A mystery "road artist" has been drawing pictures of penises around potholes in Bury as a way to get the council to fix them.
"They [potholes] don't get filled. They'll be there for months," says the artist, speaking to Newsbeat anonymously.
"People will drive over the same pothole and forget about it.
"Suddenly you draw something amusing around it, everyone sees it and it either gets reported or fixed."
He says his drawings have meant the potholes get fixed more quickly, although Bury Council says they already have a plan in place to deal with the issue.
WARNING: There are some images in this article readers may find offensive.
A spokesman for the council has describes his artwork as "obscene" and urges him to stop his painting.
"The actions of this individual are not only stupid but incredibly insulting to local residents," the Bury Council spokesman says.
"Has this person, for just one second, considered how families with young children must feel when they are confronted with these obscene symbols as they walk to school?"
The artist tells Newsbeat: "It's not an actual photograph of an anatomical part, it's a drawing, it's artwork."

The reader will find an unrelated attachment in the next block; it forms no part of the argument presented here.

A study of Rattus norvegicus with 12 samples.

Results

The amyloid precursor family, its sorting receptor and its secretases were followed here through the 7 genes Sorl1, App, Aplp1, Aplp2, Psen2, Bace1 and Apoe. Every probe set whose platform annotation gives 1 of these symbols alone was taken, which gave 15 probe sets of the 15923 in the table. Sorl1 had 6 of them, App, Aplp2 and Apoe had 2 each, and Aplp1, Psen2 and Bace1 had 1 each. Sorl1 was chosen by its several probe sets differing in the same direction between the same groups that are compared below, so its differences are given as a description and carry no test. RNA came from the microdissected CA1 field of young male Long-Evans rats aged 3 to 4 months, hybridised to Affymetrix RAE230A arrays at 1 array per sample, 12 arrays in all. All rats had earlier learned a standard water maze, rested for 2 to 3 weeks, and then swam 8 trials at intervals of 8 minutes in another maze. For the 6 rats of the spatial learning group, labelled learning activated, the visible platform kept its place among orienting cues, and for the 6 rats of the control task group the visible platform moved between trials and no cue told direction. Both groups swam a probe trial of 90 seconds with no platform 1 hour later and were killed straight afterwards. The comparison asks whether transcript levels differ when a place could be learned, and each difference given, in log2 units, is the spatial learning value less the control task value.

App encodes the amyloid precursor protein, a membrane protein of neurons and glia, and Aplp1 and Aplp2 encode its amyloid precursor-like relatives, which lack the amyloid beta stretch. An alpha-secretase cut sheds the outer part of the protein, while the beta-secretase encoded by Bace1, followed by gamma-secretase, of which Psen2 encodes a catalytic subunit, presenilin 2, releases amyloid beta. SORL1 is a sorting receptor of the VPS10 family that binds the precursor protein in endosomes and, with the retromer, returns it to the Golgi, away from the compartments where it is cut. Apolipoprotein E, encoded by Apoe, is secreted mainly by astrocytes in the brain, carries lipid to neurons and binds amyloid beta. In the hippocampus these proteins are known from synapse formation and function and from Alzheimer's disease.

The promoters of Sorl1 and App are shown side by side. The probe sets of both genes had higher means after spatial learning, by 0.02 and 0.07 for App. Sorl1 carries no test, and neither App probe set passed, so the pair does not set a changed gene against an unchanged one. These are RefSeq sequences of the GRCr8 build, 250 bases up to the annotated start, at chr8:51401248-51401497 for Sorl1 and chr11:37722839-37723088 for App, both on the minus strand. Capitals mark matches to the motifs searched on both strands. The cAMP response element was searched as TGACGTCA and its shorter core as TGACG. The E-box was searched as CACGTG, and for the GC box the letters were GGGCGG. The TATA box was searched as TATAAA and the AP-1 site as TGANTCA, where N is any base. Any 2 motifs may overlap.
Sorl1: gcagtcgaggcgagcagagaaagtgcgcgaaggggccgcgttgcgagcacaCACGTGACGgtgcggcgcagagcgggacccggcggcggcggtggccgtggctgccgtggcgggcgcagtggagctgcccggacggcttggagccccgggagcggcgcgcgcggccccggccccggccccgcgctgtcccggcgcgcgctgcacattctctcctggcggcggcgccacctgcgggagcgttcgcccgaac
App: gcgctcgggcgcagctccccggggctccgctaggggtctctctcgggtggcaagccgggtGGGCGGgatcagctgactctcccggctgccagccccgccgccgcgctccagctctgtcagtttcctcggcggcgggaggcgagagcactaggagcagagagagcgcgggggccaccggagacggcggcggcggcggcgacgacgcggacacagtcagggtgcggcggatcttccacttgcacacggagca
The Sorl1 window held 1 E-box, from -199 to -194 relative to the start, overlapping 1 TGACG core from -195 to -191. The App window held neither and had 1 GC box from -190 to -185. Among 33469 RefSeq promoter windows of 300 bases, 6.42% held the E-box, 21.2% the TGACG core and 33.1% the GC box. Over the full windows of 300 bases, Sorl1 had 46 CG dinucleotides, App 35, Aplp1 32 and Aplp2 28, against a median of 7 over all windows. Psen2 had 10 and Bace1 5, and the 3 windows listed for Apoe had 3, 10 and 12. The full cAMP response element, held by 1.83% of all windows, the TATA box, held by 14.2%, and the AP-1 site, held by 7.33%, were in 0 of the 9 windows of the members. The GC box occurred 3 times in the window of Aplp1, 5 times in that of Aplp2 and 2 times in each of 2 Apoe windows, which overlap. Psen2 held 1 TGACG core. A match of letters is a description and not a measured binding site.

"The naked body is a thing artists have painted for years. There are sculptures that don't wear clothes. It's artistic expressions.
"To be offended by that, you must be very prudish."
The council spokesman says: ""Not only is this vandalism, but it's also counter-productive. Every penny that we have to spend cleaning off this graffiti is a penny less that we have to spend on actually repairing the potholes!
"People are entitled to express their grievances to the council, but offending the public and wasting their council tax is not the way to resolve the situation.
"We understand and accept that residents are unhappy with the number of potholes in the borough, and we have a programme of scheduled works to fix them. We have also invested substantially in new machinery which is enabling us to carry out repairs more rapidly.
"Painting obscenities around potholes will not get them repaired any quicker, but simply waste valuable time and resources.
"We urge the perpetrator to stop defacing the roads immediately, and ask anyone who sees this sort of criminal damage being carried out to report it to the police and the council."
The artist says he has considered the legal implications of his drawings and says he makes them with paint used by professionals when they are temporarily marking the road.
"It does eventually wash off. It's not graffiti spray paint.
"It's gone within a week or two. It's a step up from chalk."